Tech column: Comparing home automation systems – Daily Record
Online retailer Amazon (AMZN) is embracing its inner tech geek with the introduction of two new technology products, hoping to further capitalize on its surprisingly popular home-based voice-controlled Echo product that has been dubbed, Alexa.
Weâre in the midst of building a house and now that the beams are all nailed and the windows mounted, weâve come to the point of having to make the million decisions that come with building your own home. Some of those choices revolve around putting in automated systems.
This is the right time to think about it. Now is the time when the heating system will be going in and also the thermostats â weâre going with Nests because they are the most advanced, user-friendly and can easily handle a six-zone system.
The electricians are arriving Monday and they want to know what switches weâre going to use. That suddenly raises the main issue about choosing a home automation system and itâs a hard issue.
If we continue on the track that we started out on, weâll probably be using Belkin WeMo switches and other devices, all controlled by our cell phones and by voice using Amazonâs Alexa.
Or, should we use this opportunity to go with Appleâs HomeKit and use Siri for voice control? HomeKit has been late to the party of home automation but they have very impressive specifications.
Jefferson Graham visits a working smart home in Redondo Beach, where an app turns on the lights, opens the garage door, starts the morning coffee and more. Video by Sean Fujiwara.
Picking the right standard when choosing a home automation approach means that we will be assured a variety of functions will continue to be available and that future innovations will integrate right in later. If we pick the wrong standard, in a couple of years, weâll be the only ones around using those kinds of devices and we may have to switch everything out, or operate without new innovations or technical support. I like to think that we wonât have to buy all this stuff twice. Itâs infinitely preferable to spend the next 10 years not having to worry about one manufacturer going broke and leaving us in the lurch. Itâs happened before, there are a lot of brave and hardy X-10 adopters out there who have felt the burn. Competition is the way we pick standards, which I sometimes think is very unfortunate. After all, competition is much more efficient at producing losers than winners.
Because HomeKit is relatively new, there are not a lot of devices that support the available standards. There are controllable plugs and lights, a smattering of appliances and some other odds and ends, plus more to come, no doubt. HomeKit is important because Apple is behind it and they have the muscle to drive the standard. The HomeKit standard is very robust, including features like âEnd to Endâ encryption which means a more secure home automation environment. That kind of protection will stop space pirates or the kid next door from turning your house into his own personal light show. The gravity of the situation grows when we consider that locks can now be remotely controlled and even recognize who wants to get in.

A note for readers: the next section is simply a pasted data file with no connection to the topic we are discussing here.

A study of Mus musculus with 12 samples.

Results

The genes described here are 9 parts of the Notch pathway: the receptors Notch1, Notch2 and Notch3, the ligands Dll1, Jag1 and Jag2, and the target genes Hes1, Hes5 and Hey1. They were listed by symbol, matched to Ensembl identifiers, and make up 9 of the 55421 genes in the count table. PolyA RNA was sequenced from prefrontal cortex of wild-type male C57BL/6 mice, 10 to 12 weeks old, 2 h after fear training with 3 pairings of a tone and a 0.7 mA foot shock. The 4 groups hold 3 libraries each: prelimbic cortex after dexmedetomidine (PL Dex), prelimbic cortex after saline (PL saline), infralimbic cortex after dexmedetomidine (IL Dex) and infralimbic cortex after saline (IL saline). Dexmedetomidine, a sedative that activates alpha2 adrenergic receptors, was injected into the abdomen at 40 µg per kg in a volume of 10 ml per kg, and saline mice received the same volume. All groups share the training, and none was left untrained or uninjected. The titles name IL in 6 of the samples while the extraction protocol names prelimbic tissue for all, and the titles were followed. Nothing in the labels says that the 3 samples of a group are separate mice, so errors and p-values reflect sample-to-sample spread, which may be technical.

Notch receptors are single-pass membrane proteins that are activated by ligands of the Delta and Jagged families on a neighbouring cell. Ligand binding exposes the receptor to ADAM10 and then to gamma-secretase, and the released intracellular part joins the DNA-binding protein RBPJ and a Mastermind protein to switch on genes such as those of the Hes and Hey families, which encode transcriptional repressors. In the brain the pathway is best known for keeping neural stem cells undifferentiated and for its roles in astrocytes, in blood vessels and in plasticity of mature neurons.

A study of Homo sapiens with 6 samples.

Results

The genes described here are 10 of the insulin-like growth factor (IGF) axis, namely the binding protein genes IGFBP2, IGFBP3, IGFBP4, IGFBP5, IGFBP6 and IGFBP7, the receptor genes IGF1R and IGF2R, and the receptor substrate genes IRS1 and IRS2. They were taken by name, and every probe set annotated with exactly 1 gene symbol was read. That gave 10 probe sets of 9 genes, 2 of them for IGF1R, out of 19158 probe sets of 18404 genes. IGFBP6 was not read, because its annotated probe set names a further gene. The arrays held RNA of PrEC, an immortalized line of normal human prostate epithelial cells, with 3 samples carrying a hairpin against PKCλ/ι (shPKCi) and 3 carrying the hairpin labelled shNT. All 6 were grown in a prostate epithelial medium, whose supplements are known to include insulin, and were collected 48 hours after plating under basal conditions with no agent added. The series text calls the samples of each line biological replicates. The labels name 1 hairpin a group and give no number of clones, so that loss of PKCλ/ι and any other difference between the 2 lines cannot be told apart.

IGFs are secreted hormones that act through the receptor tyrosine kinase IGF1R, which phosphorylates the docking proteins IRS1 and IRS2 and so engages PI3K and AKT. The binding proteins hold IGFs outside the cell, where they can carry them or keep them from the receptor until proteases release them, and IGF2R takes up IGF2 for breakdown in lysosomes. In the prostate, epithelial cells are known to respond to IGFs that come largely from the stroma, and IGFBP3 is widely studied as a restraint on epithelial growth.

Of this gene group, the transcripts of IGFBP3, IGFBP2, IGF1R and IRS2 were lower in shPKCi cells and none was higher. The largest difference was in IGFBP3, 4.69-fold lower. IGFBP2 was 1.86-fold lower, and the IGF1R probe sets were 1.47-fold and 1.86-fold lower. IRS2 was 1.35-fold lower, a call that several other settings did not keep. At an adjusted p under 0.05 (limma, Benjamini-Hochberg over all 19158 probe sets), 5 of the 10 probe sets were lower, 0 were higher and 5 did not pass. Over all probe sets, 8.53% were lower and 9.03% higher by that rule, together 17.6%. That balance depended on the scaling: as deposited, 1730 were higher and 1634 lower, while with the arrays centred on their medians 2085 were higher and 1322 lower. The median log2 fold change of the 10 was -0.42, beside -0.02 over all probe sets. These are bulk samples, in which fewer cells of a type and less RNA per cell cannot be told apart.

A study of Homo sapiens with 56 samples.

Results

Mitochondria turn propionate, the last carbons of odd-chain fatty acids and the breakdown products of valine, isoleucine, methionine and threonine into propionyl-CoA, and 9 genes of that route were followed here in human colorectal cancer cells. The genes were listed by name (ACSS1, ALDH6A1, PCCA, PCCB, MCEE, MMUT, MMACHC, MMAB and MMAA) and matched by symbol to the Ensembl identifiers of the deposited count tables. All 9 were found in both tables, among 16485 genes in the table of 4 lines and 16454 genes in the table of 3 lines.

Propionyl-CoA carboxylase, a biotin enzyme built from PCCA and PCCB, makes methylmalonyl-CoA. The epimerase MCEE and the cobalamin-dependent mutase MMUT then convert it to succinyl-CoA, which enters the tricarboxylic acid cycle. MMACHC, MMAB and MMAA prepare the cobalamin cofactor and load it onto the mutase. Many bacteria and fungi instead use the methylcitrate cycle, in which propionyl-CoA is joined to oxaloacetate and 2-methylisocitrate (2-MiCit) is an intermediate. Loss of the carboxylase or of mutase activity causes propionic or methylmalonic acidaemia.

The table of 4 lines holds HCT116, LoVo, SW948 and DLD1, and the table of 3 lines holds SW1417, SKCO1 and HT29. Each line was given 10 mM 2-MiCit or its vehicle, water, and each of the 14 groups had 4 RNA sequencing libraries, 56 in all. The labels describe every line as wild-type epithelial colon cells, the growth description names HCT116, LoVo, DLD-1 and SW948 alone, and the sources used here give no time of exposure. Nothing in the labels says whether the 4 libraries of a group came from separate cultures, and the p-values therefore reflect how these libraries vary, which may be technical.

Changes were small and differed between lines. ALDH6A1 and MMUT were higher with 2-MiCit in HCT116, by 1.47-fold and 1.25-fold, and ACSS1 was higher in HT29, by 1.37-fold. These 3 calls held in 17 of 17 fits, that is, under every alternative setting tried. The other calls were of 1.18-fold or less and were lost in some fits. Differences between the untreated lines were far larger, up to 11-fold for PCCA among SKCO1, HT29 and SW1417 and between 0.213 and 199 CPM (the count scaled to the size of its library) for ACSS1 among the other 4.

WeMo has been around for a while, although itâs not anywhere near âvenerableâ but Belkinâs been through some challenges and come out very well. Security on the WeMo systems has had some flaws in the past and once they were pointed out by security researchers, Belkin was quick to fix them. This kind of real-life experience speaks very well for Belkinâs commitment to the WeMo standard. WeMo products are more numerous and common than HomeKitâs right now and user experiences are mostly good to great. They are successful enough to have earned integration with Amazonâs Alexa which gives the WeMo standard an excellent voice interface. Itâs all very nice to whip out your cellphone and shut off the lights but itâs even nicer to just be able to say âAlexa, turn out the lights.â
Recent news brought a huge sigh of relief to us and others. As a huge stroke of luck, Belkin announced that they plan to integrate with HomeKit in the future. However, HomeKit requires a particular kind of security chip and Belkin has said that adding that chipâs functionality would strand most of their current user base with âthe Old Product,â something they are unwilling to do. For me, that is music to my ears and speaks to their commitment. They are still committed to blending with HomeKit standard products though, and are busy finding other ways to meet the needs necessary.
After trying out new home automation products for over a year, our choice turned out to be pretty easy. Weâll go with WeMo and hope for integration down the road. Itâs been our excellent experience with the WeMo products and the addition of Alexa that really got us here. Itâs also nice that our Nest thermostat recently became accessible through Alexa, so all it takes is a couple of words to turn up or down the heat. We see that as another big success for the WeMo line and we look forward to even more.
Tell us your favorite tech accessory. Email firstname.lastname@example.org.
Prentiss Grayâs weekly column provides tips and advice on how to make your life better in Morris County. Read âDomestiTechâ every Thursday in The Good Life.